PhD Oral Exam - Alannah Teresa Dysart Fitzgerald, Educational Technology
When studying for a doctoral degree (PhD), candidates submit a thesis that provides a critical review of the current state of knowledge of the thesis subject as well as the student’s own contributions to the subject. The distinguishing criterion of doctoral graduate research is a significant and original contribution to knowledge.
Once accepted, the candidate presents the thesis orally. This oral exam is open to the public.
This doctoral thesis presents three design-based research studies in collaboration with the open source FLAX project (Flexible Language Acquisition flax.nzdl.org) and relevant stakeholders for the co-design, co-development, implementation and evaluation of open data-driven language learning systems in formal and non-formal higher education. This research makes an original contribution to the fields of language education and educational technology by mobilising knowledge from computer science, corpus linguistics and open education research to create an open infrastructure in data-driven learning systems development that pushes at the parameters of policy for the reuse of open access content utilising text and data-mining approaches.
Study 1 employs automated content analysis to mine the concept of open educational systems and practices from qualitative design dialectics spanning 2012-2018 with stakeholders from an on-going multi-site design-based research study with the FLAX project. Design considerations are presented for remixing domain-specific open access content for academic English language provision across formal and non-formal higher education contexts. Primary stakeholders in this ongoing research collaboration include: knowledge organisations – universities in collaboration with Massive Open Online Course (MOOC) providers, libraries and archives; an interdisciplinary team of researchers; and knowledge users in formal higher education – English for Academic Purposes (EAP) instructors and managers. Themes arising from the qualitative dataset point to affordances as well as barriers with the adoption of open policies and practices for remixing open access content for data-driven language learning applications in higher education against the backdrop of different business models and cultural practices present within participating knowledge organisations.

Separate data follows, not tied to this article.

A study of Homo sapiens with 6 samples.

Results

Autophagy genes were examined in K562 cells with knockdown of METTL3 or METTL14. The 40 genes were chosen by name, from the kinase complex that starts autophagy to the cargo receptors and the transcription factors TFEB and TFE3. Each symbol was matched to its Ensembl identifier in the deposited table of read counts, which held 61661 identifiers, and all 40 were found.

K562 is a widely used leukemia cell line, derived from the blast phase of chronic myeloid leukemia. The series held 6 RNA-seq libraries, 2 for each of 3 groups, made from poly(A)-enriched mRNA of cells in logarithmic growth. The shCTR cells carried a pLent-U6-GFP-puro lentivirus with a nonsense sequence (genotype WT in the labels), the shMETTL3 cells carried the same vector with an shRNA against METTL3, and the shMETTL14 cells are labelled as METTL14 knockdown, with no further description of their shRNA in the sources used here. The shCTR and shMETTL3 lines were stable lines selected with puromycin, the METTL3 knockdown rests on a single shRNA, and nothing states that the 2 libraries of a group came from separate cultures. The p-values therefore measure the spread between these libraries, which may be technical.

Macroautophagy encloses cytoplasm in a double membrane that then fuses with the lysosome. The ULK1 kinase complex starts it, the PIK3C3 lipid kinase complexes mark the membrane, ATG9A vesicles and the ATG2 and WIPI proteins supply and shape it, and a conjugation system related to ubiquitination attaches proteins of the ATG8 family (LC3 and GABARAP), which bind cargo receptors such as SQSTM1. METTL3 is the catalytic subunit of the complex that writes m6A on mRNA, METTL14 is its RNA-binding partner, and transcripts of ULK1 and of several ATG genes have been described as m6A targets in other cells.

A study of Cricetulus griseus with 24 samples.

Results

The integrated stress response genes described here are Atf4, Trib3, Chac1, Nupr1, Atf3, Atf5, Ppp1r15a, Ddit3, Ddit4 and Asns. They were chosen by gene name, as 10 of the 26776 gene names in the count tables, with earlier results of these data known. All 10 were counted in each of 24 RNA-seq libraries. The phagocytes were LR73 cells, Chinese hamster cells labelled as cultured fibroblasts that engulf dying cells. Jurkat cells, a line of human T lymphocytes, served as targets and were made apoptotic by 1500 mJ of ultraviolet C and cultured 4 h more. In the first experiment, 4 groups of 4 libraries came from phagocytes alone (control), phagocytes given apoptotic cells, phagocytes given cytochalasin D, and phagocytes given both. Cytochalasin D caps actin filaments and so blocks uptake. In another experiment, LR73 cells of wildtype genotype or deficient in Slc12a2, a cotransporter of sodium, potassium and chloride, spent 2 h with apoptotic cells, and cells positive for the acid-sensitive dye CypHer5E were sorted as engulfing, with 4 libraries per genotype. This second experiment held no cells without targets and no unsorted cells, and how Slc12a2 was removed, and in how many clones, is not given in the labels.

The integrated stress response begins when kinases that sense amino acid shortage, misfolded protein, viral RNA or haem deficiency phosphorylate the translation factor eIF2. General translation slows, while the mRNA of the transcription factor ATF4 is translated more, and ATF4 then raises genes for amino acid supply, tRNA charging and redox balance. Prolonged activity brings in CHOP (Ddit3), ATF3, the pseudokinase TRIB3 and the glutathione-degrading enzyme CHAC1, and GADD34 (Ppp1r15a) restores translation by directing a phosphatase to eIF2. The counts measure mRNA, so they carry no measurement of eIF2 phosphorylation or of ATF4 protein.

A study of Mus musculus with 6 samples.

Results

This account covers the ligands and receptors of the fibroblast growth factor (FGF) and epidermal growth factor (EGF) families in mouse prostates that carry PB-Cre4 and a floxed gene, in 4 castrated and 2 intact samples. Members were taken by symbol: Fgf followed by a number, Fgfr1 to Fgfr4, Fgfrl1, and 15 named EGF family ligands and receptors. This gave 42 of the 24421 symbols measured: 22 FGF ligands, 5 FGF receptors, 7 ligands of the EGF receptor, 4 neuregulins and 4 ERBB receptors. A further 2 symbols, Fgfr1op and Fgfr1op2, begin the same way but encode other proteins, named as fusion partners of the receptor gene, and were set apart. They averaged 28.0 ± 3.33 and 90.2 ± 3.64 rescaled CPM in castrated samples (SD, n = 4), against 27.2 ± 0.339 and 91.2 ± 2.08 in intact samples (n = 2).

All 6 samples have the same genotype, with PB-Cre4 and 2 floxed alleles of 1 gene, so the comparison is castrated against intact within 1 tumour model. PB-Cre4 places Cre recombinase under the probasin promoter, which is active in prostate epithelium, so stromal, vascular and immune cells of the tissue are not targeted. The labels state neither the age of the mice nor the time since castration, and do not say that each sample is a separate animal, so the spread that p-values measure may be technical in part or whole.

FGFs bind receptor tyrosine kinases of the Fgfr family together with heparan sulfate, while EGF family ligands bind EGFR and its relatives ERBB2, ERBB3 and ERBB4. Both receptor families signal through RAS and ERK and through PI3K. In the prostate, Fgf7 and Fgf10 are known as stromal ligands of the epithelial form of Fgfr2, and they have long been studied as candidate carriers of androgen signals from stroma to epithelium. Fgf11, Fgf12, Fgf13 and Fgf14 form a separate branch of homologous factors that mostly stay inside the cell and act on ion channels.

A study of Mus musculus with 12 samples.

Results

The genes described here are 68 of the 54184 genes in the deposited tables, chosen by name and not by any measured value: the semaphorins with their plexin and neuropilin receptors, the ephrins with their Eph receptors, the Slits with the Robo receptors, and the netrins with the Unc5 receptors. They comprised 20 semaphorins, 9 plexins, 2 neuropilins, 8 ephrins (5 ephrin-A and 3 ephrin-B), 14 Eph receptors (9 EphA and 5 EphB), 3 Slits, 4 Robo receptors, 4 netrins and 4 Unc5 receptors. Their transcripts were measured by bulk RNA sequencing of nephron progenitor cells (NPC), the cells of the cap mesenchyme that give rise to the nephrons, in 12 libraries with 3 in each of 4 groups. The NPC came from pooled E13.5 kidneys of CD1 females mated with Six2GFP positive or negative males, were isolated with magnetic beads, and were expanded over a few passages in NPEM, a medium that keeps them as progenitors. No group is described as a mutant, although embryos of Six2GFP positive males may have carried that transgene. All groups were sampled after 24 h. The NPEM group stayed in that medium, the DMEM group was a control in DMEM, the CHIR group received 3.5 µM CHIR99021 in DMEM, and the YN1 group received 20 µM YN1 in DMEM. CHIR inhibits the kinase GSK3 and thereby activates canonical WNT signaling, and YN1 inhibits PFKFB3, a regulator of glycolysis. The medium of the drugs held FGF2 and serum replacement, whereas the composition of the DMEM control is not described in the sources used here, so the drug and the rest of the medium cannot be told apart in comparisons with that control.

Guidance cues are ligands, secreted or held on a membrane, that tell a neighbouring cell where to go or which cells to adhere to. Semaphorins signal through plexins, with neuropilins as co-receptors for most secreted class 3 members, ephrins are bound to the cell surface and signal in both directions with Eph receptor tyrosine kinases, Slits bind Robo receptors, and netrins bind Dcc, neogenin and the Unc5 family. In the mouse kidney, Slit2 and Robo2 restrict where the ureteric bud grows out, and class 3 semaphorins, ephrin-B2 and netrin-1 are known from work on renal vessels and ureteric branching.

Study 2 presents a data-driven experiment in non-formal higher education by triangulating user query system log data with learner participant data from surveys (N=174) on the interface designs and usability of an automated open source digital library scheme, FLAX. Findings generally indicate a positive user experience with interfaces that include advanced affordances for course content search and retrieval that transcend the MOOC platform and Learning Management System (LMS) standard. Further survey questions derived from an open education research bank from the Hewlett Foundation are reused in this study and presented against a larger dataset from the Hewlett Foundation (N=1921) on motivations for the uptake of open educational resources. Text and data mining approaches common to natural language processing were applied to pedagogical English language corpora, derived from the content of two MOOCs, (Harvard University with edX, and the University of London with Coursera), and one micro-networked course (Harvard Law School with the Berkman Klein Center for Internet and Society), which were then linked to external open resources (e.g. Wikipedia, the FLAX Learning Collocations database, WordNet), so that learners could employ the information discovery techniques (e.g. searching and browsing) that they have become accustomed to using through search engines (e.g. Google, Bing) for discovering and learning the domain-specific language features of their interests.
Study 3 presents a data-driven experiment in formal higher education from the legal English field to measure quantitatively the usefulness and effectiveness of employing the open Law Collections in FLAX in the teaching of legal English at the University of Murcia in Spain. Informants were divided into an experimental and a control group and were asked to write an essay on a given set of legal English topics, defined by the subject instructor as part of their final assessment. The experimental group only consulted the FLAX English Common Law MOOC collection as the single source of information to draft their essays, and the control group used any information source available from the Internet to draft their essays. Findings from an analysis of the two learner corpora of essays indicate that members of the experimental group appear to have acquired the specialized terminology of the area better than those in the control group, as attested by the higher term average obtained by the texts in the FLAX-based corpus (56.5) as opposed to the non-FLAX-based text collection, at 13.73 points below.